You probably wonder what I've been doing with my time. To be honest, I have days where I wonder the same thing...that, and where in the heck the time goes! Even though I don't have any finished rooms to share just yet, I thought that I'd give you a little update on what's happening at the French Farm House Project.
First, the "to do list" for every room looks something like the above photo. Then, in addition to my "day job" and getting two sons off to different colleges in under a week, I've been learning a few new homeowner skills.
So, let's not talk about the whole "empty nest" thing, okay?....
Instead, how about if we talk about home owner stuff....like THIS?! Yep, I learned to sand hardwood floors last weekend and let me tell you right now...floor sanding is not for sissies.
I thought, "How difficult can this be? I can do this...right!?" So, we rented the floor sanding machine on Sunday afternoon , threw caution to the wind and went to it.
All in all, it went pretty well but I did learn a few things along the way that I'm going to share with you in case you ever decide to take on a project like this.
First, get a dust mask...then, disconnect the smoke detector so that all of your brand new neighbors aren't tempted to phone the fire department when the dust level in the house makes the alarm go off. If possible, It's a good idea to seal off the room(s) that you're sanding...or, if you're
Also, it's probably not a good idea to sand floors when all of your windows are painted shut and you just had all of your duct work cleaned but if you do, prepare to have a fine layer of dust on everything in the house (including your freshly painted walls and trim, freshly washed windows and freshly cleaned bathroom) when you're finished.
Next, always sand with the grain of the wood, trust me, it takes a lot less work and is easier to get a straight line if you just follow the boards...even if you think that it would be easier to go the other way...don't do it.
It's good to realize that floor sanding equipment is heavy and will drag you along behind it if you don't show it who's boss right up front. It helps if you push the machine (like a lawn mower) rather than trying to pull it backwards toward you.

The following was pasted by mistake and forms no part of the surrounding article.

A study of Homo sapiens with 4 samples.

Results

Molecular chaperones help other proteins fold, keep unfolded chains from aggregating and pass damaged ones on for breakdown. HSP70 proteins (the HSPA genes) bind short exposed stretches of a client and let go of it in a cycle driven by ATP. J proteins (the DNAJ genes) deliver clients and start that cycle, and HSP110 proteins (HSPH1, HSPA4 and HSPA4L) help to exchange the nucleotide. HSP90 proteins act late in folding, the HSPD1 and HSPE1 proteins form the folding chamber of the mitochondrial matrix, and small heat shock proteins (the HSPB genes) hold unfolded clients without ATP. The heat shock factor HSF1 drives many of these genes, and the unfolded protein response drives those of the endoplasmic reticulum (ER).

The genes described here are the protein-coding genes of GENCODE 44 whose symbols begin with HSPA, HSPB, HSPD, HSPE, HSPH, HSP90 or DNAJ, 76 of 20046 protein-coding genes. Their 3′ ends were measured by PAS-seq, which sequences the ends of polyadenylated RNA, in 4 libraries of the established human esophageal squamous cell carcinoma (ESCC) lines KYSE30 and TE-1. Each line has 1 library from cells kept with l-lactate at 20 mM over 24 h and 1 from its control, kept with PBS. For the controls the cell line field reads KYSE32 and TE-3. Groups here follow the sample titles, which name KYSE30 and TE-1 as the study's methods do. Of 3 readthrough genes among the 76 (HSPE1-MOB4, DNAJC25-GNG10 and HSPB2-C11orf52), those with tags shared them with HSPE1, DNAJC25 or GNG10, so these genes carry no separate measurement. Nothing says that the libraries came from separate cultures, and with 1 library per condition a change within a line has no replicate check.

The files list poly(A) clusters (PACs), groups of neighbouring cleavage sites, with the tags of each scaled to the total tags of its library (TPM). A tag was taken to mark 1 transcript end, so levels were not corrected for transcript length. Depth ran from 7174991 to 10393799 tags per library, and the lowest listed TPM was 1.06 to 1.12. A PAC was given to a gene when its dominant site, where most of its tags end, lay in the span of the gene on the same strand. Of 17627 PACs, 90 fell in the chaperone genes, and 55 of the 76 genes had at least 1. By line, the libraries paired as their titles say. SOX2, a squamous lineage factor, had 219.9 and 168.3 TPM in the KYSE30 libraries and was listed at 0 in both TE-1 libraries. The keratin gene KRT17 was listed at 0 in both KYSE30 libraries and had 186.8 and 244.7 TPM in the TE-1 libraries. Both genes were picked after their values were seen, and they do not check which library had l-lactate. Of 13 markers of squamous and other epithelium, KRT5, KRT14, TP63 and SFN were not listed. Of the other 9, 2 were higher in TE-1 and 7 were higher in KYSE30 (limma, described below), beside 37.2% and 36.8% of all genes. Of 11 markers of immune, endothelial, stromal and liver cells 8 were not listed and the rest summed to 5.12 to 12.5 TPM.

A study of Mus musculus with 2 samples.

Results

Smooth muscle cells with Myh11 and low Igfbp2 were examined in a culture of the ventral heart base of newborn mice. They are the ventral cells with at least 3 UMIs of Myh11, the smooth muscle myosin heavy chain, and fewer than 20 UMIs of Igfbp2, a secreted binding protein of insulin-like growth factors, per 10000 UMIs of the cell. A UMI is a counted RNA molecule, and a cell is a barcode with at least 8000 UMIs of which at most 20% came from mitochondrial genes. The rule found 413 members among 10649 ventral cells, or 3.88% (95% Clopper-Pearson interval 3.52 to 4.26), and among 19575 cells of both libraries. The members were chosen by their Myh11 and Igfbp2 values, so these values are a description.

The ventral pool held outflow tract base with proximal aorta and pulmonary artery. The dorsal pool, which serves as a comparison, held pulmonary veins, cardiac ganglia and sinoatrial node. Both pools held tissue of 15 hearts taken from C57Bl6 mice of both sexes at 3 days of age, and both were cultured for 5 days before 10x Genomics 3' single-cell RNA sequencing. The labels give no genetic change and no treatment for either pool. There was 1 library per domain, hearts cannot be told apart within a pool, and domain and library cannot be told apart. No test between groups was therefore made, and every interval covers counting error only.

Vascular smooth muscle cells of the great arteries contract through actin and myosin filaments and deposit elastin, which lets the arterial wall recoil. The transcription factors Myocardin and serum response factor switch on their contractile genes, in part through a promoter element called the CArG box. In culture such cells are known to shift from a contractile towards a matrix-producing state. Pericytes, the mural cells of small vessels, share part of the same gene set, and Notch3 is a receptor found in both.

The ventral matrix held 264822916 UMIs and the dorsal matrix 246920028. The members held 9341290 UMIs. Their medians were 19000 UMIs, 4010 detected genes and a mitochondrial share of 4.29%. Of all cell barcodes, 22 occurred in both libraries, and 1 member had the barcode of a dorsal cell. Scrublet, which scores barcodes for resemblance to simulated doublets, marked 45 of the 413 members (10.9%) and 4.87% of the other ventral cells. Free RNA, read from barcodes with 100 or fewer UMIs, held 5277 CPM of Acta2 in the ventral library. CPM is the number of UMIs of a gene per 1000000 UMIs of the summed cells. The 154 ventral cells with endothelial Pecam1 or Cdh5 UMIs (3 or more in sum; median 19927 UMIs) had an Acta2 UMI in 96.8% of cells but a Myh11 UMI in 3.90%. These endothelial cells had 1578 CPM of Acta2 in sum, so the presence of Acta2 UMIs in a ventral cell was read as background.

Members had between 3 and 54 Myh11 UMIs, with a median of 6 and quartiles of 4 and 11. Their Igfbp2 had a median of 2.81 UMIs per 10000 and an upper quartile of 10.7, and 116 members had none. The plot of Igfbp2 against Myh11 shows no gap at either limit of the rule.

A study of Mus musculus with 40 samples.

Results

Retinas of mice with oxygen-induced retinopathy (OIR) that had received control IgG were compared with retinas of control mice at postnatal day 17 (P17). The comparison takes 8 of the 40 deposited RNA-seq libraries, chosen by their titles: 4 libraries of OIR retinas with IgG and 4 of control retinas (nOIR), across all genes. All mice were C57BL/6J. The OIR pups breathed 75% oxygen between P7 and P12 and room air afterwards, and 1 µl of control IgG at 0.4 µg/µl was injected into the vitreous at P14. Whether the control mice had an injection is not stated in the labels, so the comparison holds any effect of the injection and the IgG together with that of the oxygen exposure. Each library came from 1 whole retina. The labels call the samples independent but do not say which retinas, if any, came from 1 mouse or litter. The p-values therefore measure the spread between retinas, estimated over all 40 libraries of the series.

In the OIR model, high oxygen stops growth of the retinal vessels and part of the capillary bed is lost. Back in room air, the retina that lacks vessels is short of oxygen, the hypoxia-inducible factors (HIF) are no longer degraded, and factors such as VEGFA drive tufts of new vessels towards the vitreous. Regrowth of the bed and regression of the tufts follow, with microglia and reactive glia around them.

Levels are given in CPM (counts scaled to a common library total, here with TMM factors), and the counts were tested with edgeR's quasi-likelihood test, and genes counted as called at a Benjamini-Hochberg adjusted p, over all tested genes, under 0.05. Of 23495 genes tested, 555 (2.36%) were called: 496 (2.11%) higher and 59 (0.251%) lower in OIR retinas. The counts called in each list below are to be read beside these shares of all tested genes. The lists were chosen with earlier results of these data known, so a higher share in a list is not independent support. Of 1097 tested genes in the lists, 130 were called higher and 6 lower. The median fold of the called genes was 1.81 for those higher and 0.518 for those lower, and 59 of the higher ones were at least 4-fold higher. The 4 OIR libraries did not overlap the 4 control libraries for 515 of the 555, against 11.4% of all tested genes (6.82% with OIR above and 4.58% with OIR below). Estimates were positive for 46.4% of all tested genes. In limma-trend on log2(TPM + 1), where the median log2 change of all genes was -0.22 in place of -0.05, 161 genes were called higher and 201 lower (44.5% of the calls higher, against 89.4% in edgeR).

I figured out that it probably has something to do with the physics of the belt going in one direction and you trying to pull against it in another direction. It also may involve math.
Sanding and refinishing floors is a multi-step process. The floors have to be sanded several times with sandpapers of differing coarseness...also referred to as "grit". The higher the "grit", the smoother the finish. Low (coarse: 60 to 80) grit takes off the existing finish and high (fine: 120 to 180) grit makes the floors smooth so that they will accept the new finish.
You'll also need to use a smaller machine to sand the corners, the closets and any other small areas. This takes time (and strong arms).
If your arms get tired from using the "small" machine from the rental company, you can always resort to your handy quarter sheet palm sander but realize that it will take an eternity (and approximately 30 sheets of sand paper) to go around the perimeter of one bedroom, a few closets and a hall.
Polyurethane also takes multiple coats...thin ones, WITH the grain. Allow 24 hours of drying time between them and no matter WHAT the guy from the hardware store says, you MUST screen (lightly sand)and vacuum thoroughly between coats. This will save you from having to spend the better part of an evening re-sanding the floor with a quarter sheet sander....don't ask....
......YES, I did.
In hindsight, I'm not certain if I'd do it again. It's messy, and time consuming. The floors turned out okay but it took almost a week and I couldn't do anything in that end of the house while they dried and cured. Next time, I'll leave sanding the hardwood floors to the pro's and stick to something that I know how to do...like priming and painting what feels like a hundred shelves for the closets!
Or hanging a pretty new chandelier in the dining room!